SYNOPSIS OF THE NOVEL I'M WRITING
LEVI McPHERSON, a graduate student of analytical chemistry at the University of North Central Florida, is approached by agents of the Homeland Security’s Counter-terrorism Unit. The agency is recruiting Lee to study and expose the loopholes of screening instruments in airports. Struggling financially, he accepted the offer, making him a paid, benevolent hacker of the nation’s gateway. Yet Levi is horrified when an Airbus from Los Angeles disintegrated in mid-air.
At 40, when everybody’s career trajectory is going up, Levi’s still a poor graduate student, struggling financially. His research projects however, are worth million dollars. Researching the highly classified and heavily guarded secrets of detecting traces of explosives, what Lee know was a goldmine. The agency's offer is his financial break . So Levi tackles the problem like a scientist, detailing the loopholes of the aviation security and turning what he knew into a big time money machine.
JIM and JONATHAN of the counter-terrorism unit, where nowhere to be found after Charlotte International Airport, a hub of Delta Airlines closed abruptly because of instrument malfunctions in their security lines. And in a post-Osama Bin Laden’s era, the biggest blow to the United Stated after the 9/11 disaster comes unexpectedly when a passenger plane blew up in the skies of Washington D.C., in the heart of the nation.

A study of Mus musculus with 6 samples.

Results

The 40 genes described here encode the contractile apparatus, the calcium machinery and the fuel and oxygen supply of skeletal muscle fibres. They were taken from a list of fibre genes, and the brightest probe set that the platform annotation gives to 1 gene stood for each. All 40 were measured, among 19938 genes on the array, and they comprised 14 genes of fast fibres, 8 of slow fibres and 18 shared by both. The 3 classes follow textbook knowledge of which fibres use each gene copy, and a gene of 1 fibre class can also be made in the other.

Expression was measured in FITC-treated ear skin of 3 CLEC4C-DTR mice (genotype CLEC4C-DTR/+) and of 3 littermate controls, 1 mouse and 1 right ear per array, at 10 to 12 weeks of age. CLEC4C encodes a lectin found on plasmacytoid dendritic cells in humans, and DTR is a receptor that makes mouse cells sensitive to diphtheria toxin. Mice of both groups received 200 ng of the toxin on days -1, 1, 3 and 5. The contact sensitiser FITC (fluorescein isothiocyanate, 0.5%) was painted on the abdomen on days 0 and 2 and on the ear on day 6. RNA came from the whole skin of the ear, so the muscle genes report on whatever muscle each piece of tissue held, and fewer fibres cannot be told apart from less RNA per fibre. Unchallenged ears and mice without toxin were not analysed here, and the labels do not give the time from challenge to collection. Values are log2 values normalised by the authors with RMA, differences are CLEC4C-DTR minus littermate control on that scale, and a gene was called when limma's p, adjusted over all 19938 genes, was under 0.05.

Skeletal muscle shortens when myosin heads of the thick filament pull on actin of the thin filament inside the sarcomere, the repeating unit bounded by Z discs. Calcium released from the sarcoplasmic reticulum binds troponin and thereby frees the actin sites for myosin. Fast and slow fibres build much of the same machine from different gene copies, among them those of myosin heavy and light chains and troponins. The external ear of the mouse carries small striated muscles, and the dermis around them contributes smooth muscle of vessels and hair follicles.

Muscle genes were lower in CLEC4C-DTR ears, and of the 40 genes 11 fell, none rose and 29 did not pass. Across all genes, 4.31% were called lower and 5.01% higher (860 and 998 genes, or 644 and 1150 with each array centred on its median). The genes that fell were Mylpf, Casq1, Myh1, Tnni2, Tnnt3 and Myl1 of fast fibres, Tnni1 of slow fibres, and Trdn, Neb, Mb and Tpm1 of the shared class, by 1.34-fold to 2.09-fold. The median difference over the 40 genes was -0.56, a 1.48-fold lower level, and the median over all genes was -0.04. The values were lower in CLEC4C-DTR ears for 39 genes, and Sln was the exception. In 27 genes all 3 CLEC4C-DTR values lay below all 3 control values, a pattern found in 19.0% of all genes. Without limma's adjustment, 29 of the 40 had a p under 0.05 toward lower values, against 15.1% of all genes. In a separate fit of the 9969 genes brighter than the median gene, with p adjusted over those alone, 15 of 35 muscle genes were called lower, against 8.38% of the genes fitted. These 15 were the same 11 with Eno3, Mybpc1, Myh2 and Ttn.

Levi knew it was only the start of more troubles, so he recruits his fellow graduate students to counter the future attacks. They have to think like criminals—and scientists too. With the help of FBI counter-terrorism experts, Homeland Security and Transportation Security Agency, the team races to close and plug the loopholes Lee identified.
Friday, June 13, 2008
I teach for a professor in chemistry, Dr. Horvath. Somebody told me that he was an internationally rated chess player. Good for him, but analyzing a game of chess inside the restroom while doing the thing you do is wierd. That's what he does anyway.
Wednesday, June 11, 2008
I was watching a self defense instructor last night in a National Geographic channel. She said that in order to fend off an attacker, instead of pushing him away, move him close so you can grab his neck and throat. The thinking is counter intuitive.
Today I read a blog that says "Grand theft Auto", the violent video game, is actually good for your kids. That's coutner intuitive. Here's the link
here's another one
Counter intuition is useful in math, but I guess it is useful in real life too.